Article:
1842 – Catherine Keenan Arrives

     Sometime in 1842 the youngest of our Keenan relatives arrived in Brooklyn. Catherine, born in 1821, was just 21 years old. She did not arrive alone, however. She was probably accompanied by her friend Catherine Harden. Catherine Harden had been a sponsor at the baptism of Catherine Keenan’s daughter Ellen, born in Ardagh Parish, Longford in October of 1841. Catherine Harden was a cousin of the baby’s father – Edward Harden. According to the 1855 New York State census Edward and their daughter Ellen did not emigrate till 1845, but it seems unimaginable that Catherine Keenan would have left a newborn infant behind in Ireland. There is a record of a “Mrs. Harding with infant” who arrived in New York in February of 1842 on the ship “Patrick Henry”. Although we don’t know the circumstances that would have led to a new and inexperienced mother crossing to America unaccompanied, it might be relevant that we have not been able to find a marriage record in Ireland for Catherine Keenan.

     It is likely that the two women, Catherine Keenan and Catherine Harden, ended up living with Patrick Keenan. In 1840 Patrick was listed as living on Tillary St. near Carll, the same address given for his brother Owen, as well as Matthew Keenan and John and Elizabeth Farrell. Patrick had married Ann Moran in May of 1840. (Thomas Moran, Ann’s older brother, was one of the witnesses to the marriage.) By 1842 Patrick and Ann had had their first son, who they named John.  When they had their second son, Thomas, in July of 1844, Catherine Harden was chosen as one of his baptismal sponsors.

     A year later, on June 16th of 1845, the ship “Agnes” arrived from Liverpool. On board were Edward Harden (“Harding”) and Catherine Harden’s brother, Thomas “Harding”. (However there is no record of a child Ellen on board. ) Edward’s occupation was listed as “printer’ and that of Thomas as “painter”. Apparently printing was not a profession easily pursued by an immigrant Irishman, however, because a year later the Brooklyn Eagle printed the following report:

          Shortly after the Harden men had arrived in the U.S. , they had been followed by Thomas’s sister, Elizabeth Harden. Apparently all of the Hardens were welcomed and taken in by the Keenan/Moran clan. When Thomas Moran and his wife Margaret (Roy) had their third child, Thomas, that November of 1845, they asked Thomas and Elizabeth Harden to be his godparents.

By this time Edward and Catherine Keenan had renewed their relationship. On May 30 of 1847 their second daughter, Catherine, was baptized in St. James Cathedral. The sponsors were Catherine Harden and Michael Keenan. Catherine Harden of course was a cousin of Edward’s. Was Michael a cousin or sibling of Catherine Keenan’s? That is something we will have to investigate a little later.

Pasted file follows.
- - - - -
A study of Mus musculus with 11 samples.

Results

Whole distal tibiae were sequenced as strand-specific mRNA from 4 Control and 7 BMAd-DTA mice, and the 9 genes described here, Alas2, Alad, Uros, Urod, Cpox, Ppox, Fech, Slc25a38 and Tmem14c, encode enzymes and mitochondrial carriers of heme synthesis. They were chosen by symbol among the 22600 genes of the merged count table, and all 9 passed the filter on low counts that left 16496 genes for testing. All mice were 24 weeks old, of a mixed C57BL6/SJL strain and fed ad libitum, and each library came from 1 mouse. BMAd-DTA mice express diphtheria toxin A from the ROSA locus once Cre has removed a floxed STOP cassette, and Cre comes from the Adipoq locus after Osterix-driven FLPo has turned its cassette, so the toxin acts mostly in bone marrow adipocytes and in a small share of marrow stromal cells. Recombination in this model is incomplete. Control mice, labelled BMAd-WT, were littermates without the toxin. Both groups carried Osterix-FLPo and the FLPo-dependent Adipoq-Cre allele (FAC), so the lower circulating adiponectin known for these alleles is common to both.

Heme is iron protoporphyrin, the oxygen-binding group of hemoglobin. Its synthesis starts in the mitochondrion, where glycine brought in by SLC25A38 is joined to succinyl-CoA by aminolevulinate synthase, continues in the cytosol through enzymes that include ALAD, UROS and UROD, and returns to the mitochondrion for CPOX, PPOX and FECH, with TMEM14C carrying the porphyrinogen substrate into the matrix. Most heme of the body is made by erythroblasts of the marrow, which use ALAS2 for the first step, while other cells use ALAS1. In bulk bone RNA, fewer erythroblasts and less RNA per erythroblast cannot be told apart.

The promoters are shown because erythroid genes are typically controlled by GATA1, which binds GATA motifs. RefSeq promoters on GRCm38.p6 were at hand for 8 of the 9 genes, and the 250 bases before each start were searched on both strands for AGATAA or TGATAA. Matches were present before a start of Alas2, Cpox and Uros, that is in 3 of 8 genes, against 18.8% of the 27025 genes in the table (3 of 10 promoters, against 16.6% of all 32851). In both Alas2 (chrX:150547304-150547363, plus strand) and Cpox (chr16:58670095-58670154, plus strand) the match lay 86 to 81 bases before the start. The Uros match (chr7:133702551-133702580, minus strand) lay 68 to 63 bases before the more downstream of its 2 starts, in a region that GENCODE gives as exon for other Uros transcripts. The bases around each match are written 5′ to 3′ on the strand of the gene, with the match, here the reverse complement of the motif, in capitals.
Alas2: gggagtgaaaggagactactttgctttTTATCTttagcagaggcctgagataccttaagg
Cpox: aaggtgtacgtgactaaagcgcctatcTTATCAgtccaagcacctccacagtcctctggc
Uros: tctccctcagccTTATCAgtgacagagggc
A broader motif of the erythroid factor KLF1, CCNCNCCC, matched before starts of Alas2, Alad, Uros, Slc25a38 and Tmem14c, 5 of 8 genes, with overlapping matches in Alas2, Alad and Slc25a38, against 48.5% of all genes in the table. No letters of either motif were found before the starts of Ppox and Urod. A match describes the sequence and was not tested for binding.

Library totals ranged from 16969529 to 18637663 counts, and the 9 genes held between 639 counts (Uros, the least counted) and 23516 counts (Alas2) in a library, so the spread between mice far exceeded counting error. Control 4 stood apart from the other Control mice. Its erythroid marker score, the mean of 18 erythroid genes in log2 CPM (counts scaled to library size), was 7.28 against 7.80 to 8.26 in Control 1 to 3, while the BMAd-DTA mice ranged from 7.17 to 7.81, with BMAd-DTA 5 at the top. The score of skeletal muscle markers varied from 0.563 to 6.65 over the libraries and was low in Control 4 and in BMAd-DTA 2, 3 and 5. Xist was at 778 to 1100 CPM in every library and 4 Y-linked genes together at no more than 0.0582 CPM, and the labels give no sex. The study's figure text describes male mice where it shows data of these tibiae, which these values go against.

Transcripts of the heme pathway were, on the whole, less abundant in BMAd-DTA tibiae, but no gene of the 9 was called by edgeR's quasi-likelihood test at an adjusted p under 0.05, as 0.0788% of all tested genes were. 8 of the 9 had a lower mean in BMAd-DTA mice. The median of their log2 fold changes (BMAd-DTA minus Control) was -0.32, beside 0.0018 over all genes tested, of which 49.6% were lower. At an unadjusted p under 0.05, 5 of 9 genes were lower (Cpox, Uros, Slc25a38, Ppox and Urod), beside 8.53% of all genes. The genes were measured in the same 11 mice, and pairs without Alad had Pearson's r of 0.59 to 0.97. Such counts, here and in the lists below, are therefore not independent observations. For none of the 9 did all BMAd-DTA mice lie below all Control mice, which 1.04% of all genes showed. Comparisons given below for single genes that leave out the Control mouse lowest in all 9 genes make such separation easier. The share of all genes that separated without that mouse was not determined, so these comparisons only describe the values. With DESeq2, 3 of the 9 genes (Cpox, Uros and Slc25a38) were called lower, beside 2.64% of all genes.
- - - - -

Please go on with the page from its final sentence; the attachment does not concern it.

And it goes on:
As you might recall both Matthew and Patrick Keenan had  purchased building lots from the developer Cornelius Van Cleef in, respectively, 1844 and 1846. The lots  were side by side on Bergen St., between Grand Ave  and Washington Ave. in the 9th Ward. Patrick went on to built his house there in 1847. In 1848 Edward and Catherine purchased lot #234 almost directly across the street from Patrick. Although the deed was not recorded until June 28 of 1850, we know they were being charged taxes on it from 1848, as evidenced by this notice in the Brooklyn Eagle in February of 1850:

     The 1850 Census found them living there with their two daughters in a framed house valued at $400. Edward’s occupation was listed as “Gardener” and his birth year given as 1816. This map (from 1886) shows the proximity of the lots purchased by the Keenan clan. The Harden’s lot was later designated #761 and  Patrick’s #764

           Later that year Edward and Catherine had their third daughter, whom they named Elizabeth, in their new home on Bergen Street. 

        On January 2 of 1852 Edward Harden, having resided in the U.S. for over six years, became a citizen. His sponsor was James Keenan, presumably Matthew’s son, who was a native born citizen of nineteen years of age. Then the following year the Hardens themselves finally had a son, whom they named Edward, after his father. 

      In 1855 we notice  that there was another Keenan living on Bergen Street, just two doors down from the Hardens – probably at what would become #765 (see the map above). Michael Keenan, (b. 1815) and his wife Ann (b. 1819) were renting the house, and  I believe that this Michael Keenan was probably the one that we noted was a godparent to Catherine’s daughter in 1847.

     In the 1855 Census Michael stated that he had immigrated around 1838, his wife a couple of years later. The marriage records from St. James show that Michael married Anne McCaffery on November 17 of 1839. Nearly a decade later, on Jan. 30 of 1848, their son James was baptized. One of the baptismal sponsors was John Farrell. While there were many John Farrells in Brooklyn at the time, this certainly could have been Elizabeth Keenan’s husband, given the possible family connection.

    The exact relationship, if any, of this Michael to our other Keenans is difficult to determine. That he named his son James suggests that his own father was named James, and that would probably make him a cousin of our Keenans. Unfortunately their son James died of scarlet fever in September of 1849, when he was not quite two years old. They were living in Ward 11 at the time, probably on Raymond St. according to the street directories.  Like the other Keenans they eventually made their way to the 9th Ward. After the 1855 Census however they seem to have disappeared.